Downtown Elgin block is becoming a destination for collectors of vintage things
By Emily McFarlan Miller email@example.com January 15, 2013 8:50PM
Owner Lisa Madrid cleans the leather on a vintage office chair at Retro-a-GoGo on East Chicago Street in downtown Elgin. January 14, 2013 | Michael Smart~Sun-Times Media
Updated: February 17, 2013 6:24AM
ELGIN — Lisa Madrid used to love antiques.
Then in 2011, Madrid moved to Elgin, into a house completely original to 1959, from the turquoise cabinets in the kitchen to the yellow and black tile in the bathroom.
Somehow her “antique” things — by her definition, things more than 100 years old — didn’t look quite right in the sleek, space-age lines of her new midcentury modern ranch, she said.
So she started collecting “vintage” things instead — mostly things produced in the 1940s, up through the 1970s.
Pretty soon, she said, there were “pathways” through the roomfuls of furniture and other items in her house. And her new neighbors teased her when they saw her: “What did you bring home now?”
So she started selling pieces as a dealer at an antique store in Elgin.
Now she’s got a place of her own: Retro-a-GoGo at the corner of Chicago Street and Villa Street, which opened in December.
But Retro-a-GoGo isn’t the first vintage or antique store on the block.
In fact, antiques dealer Ray Maxwell described that block of Chicago Street as Elgin’s own “antique row,” home to his three antique stores, a record store-within-a-store and Madrid’s vintage store.
It’s also home to Spacetaste Gallery, which sells both art and antiques, according to the signs in its windows; and Elgin Books, which sells used, hard-to-find and out-of-print books.
“It’s getting to be a destination — downtown Elgin definitely is, and definitely our block,” Maxwell said.
Retire to antiques
Maxwell opened his first shop, Elgin Antiques & Uniques at 203 E. Chicago St., in April 2009.
He didn’t know that would happen when he retired after 20 years as a teacher in Elgin School District U46. He had no master plan. But, he said, “Everything happens for a reason.”
And he and his wife Karen had acquired “collections of collections,” he said.
He had grown up in a house full of oak furniture and cranberry glass and Fiestaware, antiquing with his family, he said. Later, it was something he and his wife enjoyed together, stopping into antique shops to break up long road trips.
After he retired, his children took a few things and “that generated the idea we should get rid of it,” he said.
“One thing led to another, and this is where we sit,” Maxwell said.
In July 2010, he opened 2 Doors Down Antiques, just on the other side of Wrona Brothers at 207 E. Chicago St. The store includes a couple antique dealers and Rich Wagner’s Rediscover Records, which sells new and used vinyl.
Antique sales have been steady — and most popular at Maxwell’s shops, besides Wagner’s records, are lighting fixtures and jewelry, he said.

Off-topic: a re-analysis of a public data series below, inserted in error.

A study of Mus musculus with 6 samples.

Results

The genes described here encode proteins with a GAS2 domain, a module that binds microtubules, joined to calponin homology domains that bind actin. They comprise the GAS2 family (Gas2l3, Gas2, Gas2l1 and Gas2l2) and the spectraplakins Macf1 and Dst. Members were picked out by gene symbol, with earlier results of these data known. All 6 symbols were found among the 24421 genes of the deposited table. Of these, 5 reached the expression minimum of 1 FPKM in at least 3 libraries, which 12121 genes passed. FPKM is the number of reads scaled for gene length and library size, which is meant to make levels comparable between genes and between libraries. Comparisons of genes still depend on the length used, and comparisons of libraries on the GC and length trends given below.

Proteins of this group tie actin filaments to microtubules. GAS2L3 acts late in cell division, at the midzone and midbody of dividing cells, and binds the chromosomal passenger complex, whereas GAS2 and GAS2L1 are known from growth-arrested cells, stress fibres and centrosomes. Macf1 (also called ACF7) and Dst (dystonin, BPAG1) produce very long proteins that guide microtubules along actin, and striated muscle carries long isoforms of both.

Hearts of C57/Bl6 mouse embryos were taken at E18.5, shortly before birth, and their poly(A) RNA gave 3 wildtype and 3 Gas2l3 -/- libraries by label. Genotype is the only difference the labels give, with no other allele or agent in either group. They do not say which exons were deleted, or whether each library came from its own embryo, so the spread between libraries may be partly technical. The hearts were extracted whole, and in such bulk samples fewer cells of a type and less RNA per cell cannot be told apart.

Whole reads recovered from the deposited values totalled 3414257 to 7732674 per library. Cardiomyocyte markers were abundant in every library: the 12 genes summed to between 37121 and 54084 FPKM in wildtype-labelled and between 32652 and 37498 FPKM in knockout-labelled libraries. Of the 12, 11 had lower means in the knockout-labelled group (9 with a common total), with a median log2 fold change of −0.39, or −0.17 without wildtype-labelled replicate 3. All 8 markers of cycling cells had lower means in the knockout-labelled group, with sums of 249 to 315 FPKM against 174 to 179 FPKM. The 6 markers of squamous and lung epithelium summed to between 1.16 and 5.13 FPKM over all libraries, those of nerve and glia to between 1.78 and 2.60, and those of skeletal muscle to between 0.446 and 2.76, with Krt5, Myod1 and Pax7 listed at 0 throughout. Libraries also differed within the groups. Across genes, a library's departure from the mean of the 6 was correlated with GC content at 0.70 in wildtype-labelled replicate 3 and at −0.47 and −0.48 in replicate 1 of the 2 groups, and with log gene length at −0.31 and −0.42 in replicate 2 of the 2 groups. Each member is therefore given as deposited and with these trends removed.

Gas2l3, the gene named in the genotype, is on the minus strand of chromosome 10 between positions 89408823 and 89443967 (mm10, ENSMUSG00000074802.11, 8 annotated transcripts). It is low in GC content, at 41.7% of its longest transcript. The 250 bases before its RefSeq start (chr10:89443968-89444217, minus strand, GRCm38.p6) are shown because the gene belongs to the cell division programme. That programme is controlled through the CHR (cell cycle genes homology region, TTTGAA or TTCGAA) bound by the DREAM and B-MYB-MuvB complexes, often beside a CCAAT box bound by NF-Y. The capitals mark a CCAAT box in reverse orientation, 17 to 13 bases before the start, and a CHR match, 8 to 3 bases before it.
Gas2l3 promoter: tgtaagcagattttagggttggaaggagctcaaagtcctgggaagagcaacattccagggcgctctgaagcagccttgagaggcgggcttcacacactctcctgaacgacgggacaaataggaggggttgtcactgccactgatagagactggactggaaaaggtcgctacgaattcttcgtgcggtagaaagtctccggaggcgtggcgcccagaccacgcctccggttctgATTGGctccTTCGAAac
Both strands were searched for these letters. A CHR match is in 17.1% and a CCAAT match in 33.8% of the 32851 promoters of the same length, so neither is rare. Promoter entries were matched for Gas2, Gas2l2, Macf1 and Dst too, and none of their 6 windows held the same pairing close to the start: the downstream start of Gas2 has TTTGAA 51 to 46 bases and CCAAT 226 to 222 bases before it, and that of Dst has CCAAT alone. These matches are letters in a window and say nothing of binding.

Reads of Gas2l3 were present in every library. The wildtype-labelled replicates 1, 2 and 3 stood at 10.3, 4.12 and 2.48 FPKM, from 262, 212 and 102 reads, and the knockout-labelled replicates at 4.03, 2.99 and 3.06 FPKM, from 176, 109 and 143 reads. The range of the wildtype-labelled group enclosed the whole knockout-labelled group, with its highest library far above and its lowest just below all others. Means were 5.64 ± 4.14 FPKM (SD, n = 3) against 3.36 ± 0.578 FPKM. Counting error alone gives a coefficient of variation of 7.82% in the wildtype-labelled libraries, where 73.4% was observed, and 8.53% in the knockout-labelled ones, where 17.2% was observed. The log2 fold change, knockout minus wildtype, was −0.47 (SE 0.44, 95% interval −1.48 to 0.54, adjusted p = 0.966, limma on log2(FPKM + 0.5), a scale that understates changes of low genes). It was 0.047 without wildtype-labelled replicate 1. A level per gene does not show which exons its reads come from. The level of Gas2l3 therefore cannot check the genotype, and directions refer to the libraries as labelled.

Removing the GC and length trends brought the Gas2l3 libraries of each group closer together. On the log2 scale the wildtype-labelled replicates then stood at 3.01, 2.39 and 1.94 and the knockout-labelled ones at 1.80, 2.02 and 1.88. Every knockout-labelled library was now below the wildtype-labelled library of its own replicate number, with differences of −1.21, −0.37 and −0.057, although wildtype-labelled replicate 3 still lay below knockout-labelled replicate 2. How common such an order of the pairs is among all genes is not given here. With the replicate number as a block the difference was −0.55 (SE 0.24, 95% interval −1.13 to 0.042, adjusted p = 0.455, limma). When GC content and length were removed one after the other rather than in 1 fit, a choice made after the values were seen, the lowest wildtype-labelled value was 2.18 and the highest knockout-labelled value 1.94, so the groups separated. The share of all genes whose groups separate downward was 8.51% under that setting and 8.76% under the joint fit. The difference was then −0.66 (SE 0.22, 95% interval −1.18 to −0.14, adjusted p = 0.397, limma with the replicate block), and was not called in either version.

But what he’s been pleased to see are younger generations coming in to his Chicago Street shops to find cool things for their apartments. And customers from as far away as Chicago, Rockford and Naperville. And more and more returning customers, he said.
And, he said, that’s turning not just the block into a destination for antique and vintage collectors but also, in addition to new restaurants and eclectic specialty shops nearby, downtown Elgin into a destination, period.
“I think we’re just a small piece of the puzzle to revitalizing downtown Elgin,” Maxwell said.
On the corner
Maxwell’s newest shop is Corner Antiques, 201 E. Chicago St., at the corner of Chicago and Spring streets. He opened it about two years ago, he said, when the landlord offered him “a deal I couldn’t refuse.”
Barbara Broeske has been dealing antiques at the shop nearly that long, since Maxwell invited her to hang her art on its walls, she said. Then Broeske got to thinking how she’d arrange the booths inside and what she had she could sell.
“I like junk. I like the treasure hunt,” she said.
“I realized if I had a space to do that, not only could I sell my pictures but I could decorate with things to sell. That was payment for itself. That was a fun thing to do.”
Like the antique and vintage treasures she finds and sells at Corner Antiques, Broeske’s art also preserves pieces of Elgin’s history: digitally “imagineered” photos of the Crocker Theater sign; the statue of Mary above the doors at St. Mary Church of Elgin; Elgin Books, next door to 2 Doors Down.
“I’m drawn to things that are overlooked, and some of those things have disappeared after taking those pictures,” she said.
On Thursday, Madrid was scrubbing down furniture a collaborator — she doesn’t call them “dealers” — had brought in to sell at Retro-a-GoGo on the other end of the block, 225 E. Chicago St.
The store opened quietly in December in the space that had been Carswell’s Flooring since 1936, and the owner has planned a “soft opening” in mid-February and grand opening in March. But so far, even as she’s cleaning light fixtures and arranging low chairs and sleek coffee tables, she said, “I’m doing OK.”
She sounded surprised. But, she said, vintage items in particular have become “ragingly popular.”
That might be because of the popularity of the TV show “Mad Men,” set in the 1960s. Or because that’s the kind of furniture young adults are bringing up from their baby boomer parents’ basements when they move out on their own, she said.
Madrid said she just likes it because it’s greener to buy something used than new, and these things have had the quality to last decades — taken care of, they’ll last decades more. Many are made in the U.S.
And she said, “I have always had a fine appreciation of the craftsmanship.”
“The generation before us — they put thought and effort into things. It was craftsmanship. It wasn’t just about profit.”